Service management: the secret to solving operators’ chronic pain points
This blog is by Amit Sehgal
If you’re like me, you’ve lost count of how many times your 3G connection has been disrupted – whether you’re on a call, downloading data, browsing Facebook, or watching videos on YouTube. So what is the issue, and more importantly, why aren’t operators able to fix it?
The simple answer is that with the current monitoring setup, operators don’t see these problems since all the KPI’s, server performance data, and operation parameters appear to be fine. Meanwhile, subscriber frustration grows and the probability of churn increases. The Nokia Acquisition & Retention Study 2014 indicates that simply improving service experience can help significantly lower the 40% churn rate.
Nokia Networks launched an innovative Service Management solution last fall which solves this problem. It establishes a control layer across the network, providing proactive service monitoring and performance improvements, and is also applicable for a multi-vendor environment. This is in direct contrast to simply monitoring the performance of network elements. In fact, a Service Operation Center (SOC) actually provides guidance to multiple Network Operation Centers (NOCs) on when and where a service is degrading, based on KPI fluctuations in one of the RAN or Core elements. Activities can be prioritized based on business impact data such as subscribers affected and potential revenue loss. Without Service Management, detection of any network problems may happen much later (often after 24 hours), and the chance to affect the subscriber experience in a positive way is largely lost.
Watch this video to see how Service Management can deliver an excellent service experience and a logical path to a service degradation free network.
Minor fixes = major gains in India case
In a trial conducted for an operator in India for 2G and LTE services, the results were self-evident. Data service accessibility improved by 2.5% within a 4 week time period. Extrapolating this over a percentage of the operator’s total subscriber base of 50+ million would result in a potential added revenue per year of approximately €18 million*.
Service Management has OPEX implications as well. With proactive issue identification, 7% of customer complaints could be avoided, resulting in significant saving of up to €473,000 per year in this case. This huge additional impact was the result of just two simple fixes: for 2G we provided prioritization of issues and pro-active identification based on the number of subscribers affected and volume of data; for LTE it was mainly identification. Other easy wins include fixing chronic issues such as call set up time and LTE latency. In this trial case, we saw that the latency for LTE should have been around 60 milliseconds but was actually 80 milliseconds, which can negatively affect subscriber experience. Normal network operations remain unaware of these issues, but Service Management allows operators to identify these hidden - but high impact - chronic pain points.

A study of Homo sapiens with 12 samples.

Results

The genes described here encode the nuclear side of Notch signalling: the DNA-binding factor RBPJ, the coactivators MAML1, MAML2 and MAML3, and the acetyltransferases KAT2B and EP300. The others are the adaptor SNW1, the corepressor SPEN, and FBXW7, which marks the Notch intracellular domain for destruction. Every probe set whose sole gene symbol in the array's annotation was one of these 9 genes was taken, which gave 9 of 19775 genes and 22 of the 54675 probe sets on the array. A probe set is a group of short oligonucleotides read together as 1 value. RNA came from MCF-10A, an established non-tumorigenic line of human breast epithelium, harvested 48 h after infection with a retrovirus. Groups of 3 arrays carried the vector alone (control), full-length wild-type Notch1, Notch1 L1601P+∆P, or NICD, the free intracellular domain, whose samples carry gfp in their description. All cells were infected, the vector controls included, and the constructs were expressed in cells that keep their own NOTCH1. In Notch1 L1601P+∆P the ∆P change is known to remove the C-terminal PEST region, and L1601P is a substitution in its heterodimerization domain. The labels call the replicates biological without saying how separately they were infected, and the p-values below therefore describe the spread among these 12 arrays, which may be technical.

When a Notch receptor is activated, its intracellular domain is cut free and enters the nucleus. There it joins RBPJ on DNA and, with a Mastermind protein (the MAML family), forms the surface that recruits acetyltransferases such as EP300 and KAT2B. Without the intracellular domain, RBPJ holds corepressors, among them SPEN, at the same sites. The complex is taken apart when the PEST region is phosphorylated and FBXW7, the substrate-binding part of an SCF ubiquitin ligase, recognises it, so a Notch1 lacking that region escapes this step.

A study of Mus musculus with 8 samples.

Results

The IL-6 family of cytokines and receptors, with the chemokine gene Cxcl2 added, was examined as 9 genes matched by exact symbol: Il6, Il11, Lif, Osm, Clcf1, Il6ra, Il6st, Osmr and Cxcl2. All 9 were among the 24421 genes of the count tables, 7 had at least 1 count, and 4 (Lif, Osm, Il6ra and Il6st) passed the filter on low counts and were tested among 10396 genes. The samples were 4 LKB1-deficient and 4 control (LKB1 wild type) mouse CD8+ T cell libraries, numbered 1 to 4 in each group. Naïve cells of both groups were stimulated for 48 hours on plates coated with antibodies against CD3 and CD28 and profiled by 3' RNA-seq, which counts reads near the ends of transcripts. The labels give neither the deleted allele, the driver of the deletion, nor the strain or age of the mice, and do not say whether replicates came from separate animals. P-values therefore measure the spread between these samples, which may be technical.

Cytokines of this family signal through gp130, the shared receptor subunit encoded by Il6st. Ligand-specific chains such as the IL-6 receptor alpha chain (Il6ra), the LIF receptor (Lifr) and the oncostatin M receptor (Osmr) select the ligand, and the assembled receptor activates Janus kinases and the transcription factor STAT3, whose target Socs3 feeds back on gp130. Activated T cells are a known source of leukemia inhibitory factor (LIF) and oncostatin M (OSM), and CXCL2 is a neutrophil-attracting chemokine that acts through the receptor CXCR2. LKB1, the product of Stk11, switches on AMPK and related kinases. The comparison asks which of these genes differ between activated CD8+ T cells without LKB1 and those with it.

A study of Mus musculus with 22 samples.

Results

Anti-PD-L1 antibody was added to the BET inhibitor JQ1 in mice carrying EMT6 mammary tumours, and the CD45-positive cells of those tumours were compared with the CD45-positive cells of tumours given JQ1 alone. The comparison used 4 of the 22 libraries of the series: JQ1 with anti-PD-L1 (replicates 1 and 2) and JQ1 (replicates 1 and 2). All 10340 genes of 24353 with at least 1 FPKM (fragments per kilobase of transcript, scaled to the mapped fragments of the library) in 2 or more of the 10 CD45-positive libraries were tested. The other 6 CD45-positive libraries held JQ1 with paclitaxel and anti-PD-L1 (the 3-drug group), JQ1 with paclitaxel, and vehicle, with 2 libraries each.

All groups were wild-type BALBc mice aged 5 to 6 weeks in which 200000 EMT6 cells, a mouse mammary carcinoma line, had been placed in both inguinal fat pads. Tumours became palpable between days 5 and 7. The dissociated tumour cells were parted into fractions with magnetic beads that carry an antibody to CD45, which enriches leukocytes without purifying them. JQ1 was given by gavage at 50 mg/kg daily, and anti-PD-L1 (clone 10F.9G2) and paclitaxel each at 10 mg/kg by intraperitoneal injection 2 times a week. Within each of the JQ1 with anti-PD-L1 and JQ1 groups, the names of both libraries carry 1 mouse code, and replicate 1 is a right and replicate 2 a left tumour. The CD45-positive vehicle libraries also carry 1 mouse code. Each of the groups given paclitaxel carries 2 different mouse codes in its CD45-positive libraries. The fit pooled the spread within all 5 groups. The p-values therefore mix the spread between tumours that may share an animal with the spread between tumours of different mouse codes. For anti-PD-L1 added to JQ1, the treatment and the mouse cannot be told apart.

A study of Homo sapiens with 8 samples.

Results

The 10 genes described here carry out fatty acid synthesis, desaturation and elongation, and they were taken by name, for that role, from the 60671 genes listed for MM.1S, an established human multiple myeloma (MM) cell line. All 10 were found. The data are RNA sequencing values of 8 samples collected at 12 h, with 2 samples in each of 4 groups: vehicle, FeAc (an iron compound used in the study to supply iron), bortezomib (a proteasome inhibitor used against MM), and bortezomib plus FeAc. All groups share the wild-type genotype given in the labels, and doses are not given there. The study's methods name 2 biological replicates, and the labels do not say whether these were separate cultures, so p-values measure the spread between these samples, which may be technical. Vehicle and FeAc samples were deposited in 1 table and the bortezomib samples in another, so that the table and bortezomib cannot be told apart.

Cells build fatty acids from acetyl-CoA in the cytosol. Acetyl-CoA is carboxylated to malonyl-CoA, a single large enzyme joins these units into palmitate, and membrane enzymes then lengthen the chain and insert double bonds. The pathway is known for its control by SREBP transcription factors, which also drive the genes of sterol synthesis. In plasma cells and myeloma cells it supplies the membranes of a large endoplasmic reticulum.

These two examples illustrate just a few of the benefits that Service Management offers by moving from reactive network-centric KPI monitoring to proactive service quality. Based on the eTOM & ITIL framework, SOC is the future model in which networks would be monitored and managed.
Operators can also integrate with Nokia’s Customer Experience Management solution for a subscriber level view and to ensure smooth service for high-value or VIP customers. From here, operators can evolve to comprehensive Predictive Operations, which is developed on top of Service Management and ensures that service degradation is completely avoided by highlighting potential issues in the network 48 hours before they actually impact service.
*Given increased accessibility, additional subscribers were able to use the service, so the estimated revenue figure was a result of extrapolating across the operator’s total subscriber base of 55+ million at €2.1 non-flat ARPU and calculating for 80% of subscribers.